As usual, there was a traffic jam as families of combat soldiers who had taken the commander's course streamed toward Latrun. This is the site of a huge battle in 1948, at the entrance to the Ayalon Valley. Whoever controlled that site controlled the access to Jerusalem. It is now the home of the Armored Tank Corps. It is also where the ceremony would be held, and we waited, impatiently, for the traffic to begin to move.
As the car crept forward, my daughter became increasingly agitated wondering if we would miss the ceremony altogether.
"Why do this in the middle of the day?" she lamented.
"If they had done it later, we would also have rush hour to deal with," I said reasonably. Slowly, slowly, the car inched forward.
Finally, we parked illegally and walked. We met our other children, who had taken a train from Tel Aviv and we all waited happily and excitedly.
"Do you see him? Do you see him? There he is!"
I began to wave and jump, although in the sea of soldiers, all standing on the stage, I couldn't make out an individual. I found out later, that he had seen me!
We sat, or some of us did. People behind us asked others to move and sit so that they could see. One particularly nervous woman began yelling at another.
"You don't behave as though you are the family of a commander!" she huffed.
This is quite a big deal, to be a commander in a Special Forces unit.
I sat, as the speech began.
These boys are those among the very committed. No one has to join a Special Forces unit. It takes dedication, perseverance and a desire to have one's service count. The physical and psychological demands are above those of a regular soldier, and those demands are high.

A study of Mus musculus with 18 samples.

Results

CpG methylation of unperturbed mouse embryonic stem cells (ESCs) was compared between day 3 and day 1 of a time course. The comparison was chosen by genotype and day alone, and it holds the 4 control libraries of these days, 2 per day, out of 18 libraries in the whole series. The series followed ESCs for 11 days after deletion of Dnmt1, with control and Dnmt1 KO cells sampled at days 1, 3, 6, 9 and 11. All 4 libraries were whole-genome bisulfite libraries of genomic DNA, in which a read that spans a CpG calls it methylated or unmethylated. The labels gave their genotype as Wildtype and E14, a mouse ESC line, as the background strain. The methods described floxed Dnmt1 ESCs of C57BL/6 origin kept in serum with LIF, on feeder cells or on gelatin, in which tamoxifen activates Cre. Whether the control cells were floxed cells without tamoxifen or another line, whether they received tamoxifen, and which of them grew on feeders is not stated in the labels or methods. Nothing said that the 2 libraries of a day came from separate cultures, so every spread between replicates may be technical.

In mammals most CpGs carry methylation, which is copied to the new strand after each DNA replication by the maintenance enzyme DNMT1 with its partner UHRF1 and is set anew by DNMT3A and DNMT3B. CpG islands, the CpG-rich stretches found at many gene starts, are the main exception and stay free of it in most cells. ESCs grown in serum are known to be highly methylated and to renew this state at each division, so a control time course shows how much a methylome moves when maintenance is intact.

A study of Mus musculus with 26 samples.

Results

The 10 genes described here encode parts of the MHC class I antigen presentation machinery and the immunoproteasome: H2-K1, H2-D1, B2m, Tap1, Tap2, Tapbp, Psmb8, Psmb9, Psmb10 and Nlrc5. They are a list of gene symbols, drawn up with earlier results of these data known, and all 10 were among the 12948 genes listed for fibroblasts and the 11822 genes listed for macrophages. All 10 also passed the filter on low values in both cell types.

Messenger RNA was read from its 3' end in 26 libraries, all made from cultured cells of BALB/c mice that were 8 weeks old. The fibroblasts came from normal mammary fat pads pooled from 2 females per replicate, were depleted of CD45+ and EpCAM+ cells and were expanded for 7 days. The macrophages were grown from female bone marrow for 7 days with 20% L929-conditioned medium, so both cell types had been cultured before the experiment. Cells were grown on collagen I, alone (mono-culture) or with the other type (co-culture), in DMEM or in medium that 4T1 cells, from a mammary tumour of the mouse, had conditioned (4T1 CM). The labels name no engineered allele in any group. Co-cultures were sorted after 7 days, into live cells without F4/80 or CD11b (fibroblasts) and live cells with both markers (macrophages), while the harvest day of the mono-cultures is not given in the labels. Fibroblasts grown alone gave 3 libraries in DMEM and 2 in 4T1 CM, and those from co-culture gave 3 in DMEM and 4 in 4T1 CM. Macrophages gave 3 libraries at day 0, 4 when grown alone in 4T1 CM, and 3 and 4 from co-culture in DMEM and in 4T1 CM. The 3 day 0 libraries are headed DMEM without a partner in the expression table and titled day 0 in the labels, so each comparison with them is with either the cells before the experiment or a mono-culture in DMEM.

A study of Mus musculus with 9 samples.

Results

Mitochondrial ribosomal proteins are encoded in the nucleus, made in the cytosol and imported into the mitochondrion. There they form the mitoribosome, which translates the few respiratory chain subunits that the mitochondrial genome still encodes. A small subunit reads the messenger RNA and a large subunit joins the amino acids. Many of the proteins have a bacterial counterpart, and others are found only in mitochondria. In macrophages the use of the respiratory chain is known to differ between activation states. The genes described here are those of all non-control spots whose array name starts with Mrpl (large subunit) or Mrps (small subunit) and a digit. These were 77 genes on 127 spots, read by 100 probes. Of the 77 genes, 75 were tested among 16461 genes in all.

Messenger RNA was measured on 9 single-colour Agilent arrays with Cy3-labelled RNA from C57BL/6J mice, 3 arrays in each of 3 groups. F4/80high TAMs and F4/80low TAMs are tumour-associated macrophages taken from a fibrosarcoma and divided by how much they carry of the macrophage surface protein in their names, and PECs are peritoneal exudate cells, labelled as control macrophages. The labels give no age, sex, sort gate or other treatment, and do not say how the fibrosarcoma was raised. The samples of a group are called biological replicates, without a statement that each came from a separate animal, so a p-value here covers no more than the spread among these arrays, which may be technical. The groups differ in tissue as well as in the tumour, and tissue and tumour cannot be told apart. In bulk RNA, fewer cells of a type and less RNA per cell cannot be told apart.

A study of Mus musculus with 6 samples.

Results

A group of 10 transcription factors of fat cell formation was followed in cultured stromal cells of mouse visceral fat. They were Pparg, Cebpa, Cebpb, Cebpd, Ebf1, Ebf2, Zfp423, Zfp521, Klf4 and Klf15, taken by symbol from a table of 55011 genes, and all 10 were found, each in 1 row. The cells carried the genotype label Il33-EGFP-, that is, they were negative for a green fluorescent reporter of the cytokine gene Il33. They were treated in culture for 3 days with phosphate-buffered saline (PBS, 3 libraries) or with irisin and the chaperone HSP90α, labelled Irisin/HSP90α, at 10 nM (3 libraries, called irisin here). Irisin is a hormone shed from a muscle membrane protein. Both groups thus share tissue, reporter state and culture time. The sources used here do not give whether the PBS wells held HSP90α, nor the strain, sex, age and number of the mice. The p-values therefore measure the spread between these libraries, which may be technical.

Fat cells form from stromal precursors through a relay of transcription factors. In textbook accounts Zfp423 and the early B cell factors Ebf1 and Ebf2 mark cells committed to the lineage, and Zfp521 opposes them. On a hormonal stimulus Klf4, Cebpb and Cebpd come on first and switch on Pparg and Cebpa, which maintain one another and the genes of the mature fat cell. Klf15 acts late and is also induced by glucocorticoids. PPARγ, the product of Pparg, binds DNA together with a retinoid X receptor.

To be a commander is one step beyond. My boy has also become a medic. He is taking his service very seriously.
As we sat in this significant and even sacred spot, which is also the spot where Joshua commanded the sun to stand still, I shared a bond and deep sense of sacredness and comraderie with all of Israel. A woman smiled at me.
"Exciting and full of feeling, right?" she said.
"Very much so," I agreed. "He is my baby."
"Also mine," she said. "He is my youngest, too."
Soon we stood to sing the haunting and familiar, hopeful and bittersweet refrain of HaTikva. The soldiers threw their caps in the air and began to dance and hug each other and embrace in circles.
The families rushed up to the stage. The strap of my bag got caught and a man gently helped remove it. Everyone was one family. They were all our sons. We were very proud.
My husband ran to us panting, having missed the ceremony while looking for a place to park, and we all gathered to take pictures and to go to a restaurant to eat hamburgers.
He came home for a few days with the usual mud encrusted clothing and took a long, hot shower. Within hours, he was out with friends, some of whom he had met in the course.
A slice of Israeli life. A slice of joy and bittersweet longing.
And I pray my usual prayer. "Be safe. Don't hurt or get hurt. Come home."